Dave Brodwin's post on the Emerging Enterprise Center blog today made me think about one way to pick out businesses that will thrive for the long term.

Entrepreneurs are usually in business for something greater than money.  I'm not taking the financial gain out of the equation.  I think that's a critical component.  All entrepreneurs take risks and make sacrifices.  It's hard to justify that without the financial reward.  But, rarely is the money the only thing.  Most entrepreneurs have some sort of vision -- seeing their technology adopted by the masses, creating a new market segment, enabling a new business model that changes how a market works, changing people's perception about how a certain business works, or even 'just' building a growing business that can employ a lot of people in good jobs with good compensation.  I put the 'just' in quotes because I don't want to minimize the importance of doing that alone.

It's that mission for something greater than money that really drives entrepreneurs.  Maybe having fun is a critical part of that mission, as Dave suggests.  But, I think that having fun is a byproduct of being on a mission for something greater than money.  Most entrepreneurs want to have an impact and know that their own personal reputation is on the line.

One CEO I know has started a company in a big market that is really a small community.  The technical people in this community are very tight and have a conference every year with just a few hundred attendees.  Reputation in this community matters alot, as it does in most technical forums.  Despite having a very well positioned and growing business on their hands, this CEO has much more at risk reputationally.  If the technology fails or the business goes bust, they'll lose a lot of the reputation that they have built up over 20+ years.  As an investor, this makes me think that this CEO is going to focus on building a sustainable business and not just a quick hit.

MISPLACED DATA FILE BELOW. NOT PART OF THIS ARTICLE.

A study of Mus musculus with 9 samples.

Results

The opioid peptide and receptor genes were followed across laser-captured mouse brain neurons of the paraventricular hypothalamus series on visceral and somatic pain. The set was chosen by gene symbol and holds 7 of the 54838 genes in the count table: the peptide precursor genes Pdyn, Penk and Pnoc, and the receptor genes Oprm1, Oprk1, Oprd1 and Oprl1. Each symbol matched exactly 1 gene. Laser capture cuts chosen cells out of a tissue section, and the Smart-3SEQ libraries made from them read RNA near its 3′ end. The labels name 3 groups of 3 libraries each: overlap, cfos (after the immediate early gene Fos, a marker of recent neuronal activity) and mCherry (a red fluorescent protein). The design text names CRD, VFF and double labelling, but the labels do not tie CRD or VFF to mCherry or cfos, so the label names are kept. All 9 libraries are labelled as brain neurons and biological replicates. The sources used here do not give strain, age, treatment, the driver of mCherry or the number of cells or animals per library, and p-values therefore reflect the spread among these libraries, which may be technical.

Contrast this with the financial products group at AIG.  They are under fire for taking big bonuses despite having their division sink the company.  Without the $170B government bailout which bought us 80% of the company, AIG would be bankrupt and these guys would have received nothing.  And yet, they have no shame about taking their bonuses for 2008.  They must be worried about their reputations because the company won't release their names.  If they were doing something to be proud of, they wouldn't hesitate to get their names out there.

For someone doing it right, look at Paul Levy from Beth Israel.  He appealed to employees to forego salary increases, their 401K match and other benefits to save 450 jobs that would have otherwise been cut.  Paul set the example and got the employees to follow.  They believed that saving the jobs was the best way to achieve their mission of delivering great health care.  They voted against their own pocketbooks in order to achieve something greater than money.  I think I'd be happy to be treated at Beth Israel, but I certainly don't want to buy my insurance from AIG.

Maybe if we all use criteria beyond just money when we make our decisions and buy our products, we'll reinforce the right behaviors and punish those that are just purely greedy.